Delaware Statutory Trust Investments (DSTs) have flourished as real estate investments over the past decade. They are an outgrowth of the older Tenant-in-Common (TIC) investments but don’t have some of the burdensome requirements of a TIC investment. In particular, TIC investments require the unanimity of all the co-investors to agree on any actions and that is often difficult to achieve.
What is a Delaware Statutory Trust?
The reference to the term DST does little to describe such an investment. Rather, the term describes a simple mini-type trust that is available to establish in the business-friendly state where it originated. The use of the DST structure helps keep title clean in connection with ownership by many co-investors. It separates the investor holding title individually to holding in a new trust where the investor is the beneficial owner. The trustee of the trust can take actions on behalf of the trust beneficiaries (i.e. the DST investors/owners) which does not require agreement by all. One challenge of a DST structure is that the property cannot be refinanced after the initial loan is in place nor can a lease be revised for a single tenant property. These factors are usually dealt with before the DST formation but sometimes the issues may arise later. If so, solutions can be complicated.
Why invest in a DST?
A DST is attractive to an investor who desires access to a single property or portfolio of high value, high quality real estate asset(s) that may not otherwise be available to them due to size or service constraints. The investor receives a deeded fractional ownership in the property in a percentage based upon the equity invested. It has some characteristics of a REIT or Real Estate Investment Trust but is different, including the fact that it is often, but not always, just a single property. In addition, the owner of REIT shares holds a partnership interest in the underlying real estate investment. Partnership investments do not qualify for 1031 exchange investments, even if the underlying asset consists of real estate.
These investments generally pay quarterly an amount based upon the excess rent over the property expenses, including any mortgage payments. The rate of return varies from deal to deal based on the specifics of the property and financing. Typically, the sponsor knows the net rent that can be expected and can give the investor the anticipated return for the term of the investment. The holding period of the asset is usually 5-7 years and the investor shares in the same percentage basis the appreciation in value upon sale of the property. This can increase the overall annualized return a couple of percentage points.
The manner in which DSTs are marketed to the public have a lot of characteristics of sales of securities. Over time, the SEC decided to regulate them as actual sales of securities. So, although a DST interest retains the nature of real estate ownership, with some exceptions, they are regulated. They are typically brought to market for syndication by large well-known sponsors, although they have to be acquired through a Broker, Registered Investment Advisor or a licensed Financial Advisor. If a consumer does not have one, the sponsor will usually refer him or her to a few to work with. The broker or advisor must have an agreement in place with the sponsor and not all brokers or advisors have agreements with all sponsors. Typically, the broker or advisor will vet all offerings of the sponsors with whom they have an agreement and that level of due diligence is a benefit to the investor who is unlikely to have the wherewithal to review the investment as closely. All fees are paid by the sponsor and not the investor.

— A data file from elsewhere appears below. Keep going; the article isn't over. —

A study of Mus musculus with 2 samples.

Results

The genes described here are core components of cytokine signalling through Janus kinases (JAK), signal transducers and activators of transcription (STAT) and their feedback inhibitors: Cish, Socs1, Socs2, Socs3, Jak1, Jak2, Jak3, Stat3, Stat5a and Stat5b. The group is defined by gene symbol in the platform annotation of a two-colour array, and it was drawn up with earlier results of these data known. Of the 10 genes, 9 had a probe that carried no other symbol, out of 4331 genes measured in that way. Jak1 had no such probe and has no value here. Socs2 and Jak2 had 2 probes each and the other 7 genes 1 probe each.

Delaware Statutory Trust Pros and Cons
DSTs are popular to people in general who generally wish to have some diversity in their investment portfolio by introducing some real estate component. People like being able to count on the specific return and appreciate not having to deal directly with tenants. They are also extremely popular with 1031 exchange investors for the same reasons but also due to the fact that it can be difficult to identify replacement property within 45 days of sale of their relinquished property and they have certainty of a closing within the applicable 180-day window. Most investments include picking up a pro-rata amount of underlying debt on the property, an important factor for 1031 exchange investors. The debt is non-recourse to the investor but allows the investor to hold new debt equal to or greater than the debt retired upon sale of the relinquished property. A DST or two make this very easy. The transfer of the relinquished property to the Qualified Intermediary, and the receipt of the replacement property from the Qualified Intermediary is considered an exchange. To be compliant with IRC Section 1031, the transaction must be properly structured, rather than being a sale to one party followed by a purchase from another party. Exchange investors also sometimes use a DST as a backup in case the primary identified property falls through or the primary property acquisition does utilizethe entire exchange value. The DST purchase can absorb the balance.
Like any investment, DSTs have risks associated with them. The sponsor does due diligence as does the back office of the broker or adviser’s firm, but so should the investor. The prospectus typically does a good job in pointing out other risks of each such individual investment. Also, they are somewhat illiquid once acquired, so the investor should be prepared to stay invested for the term of the deal.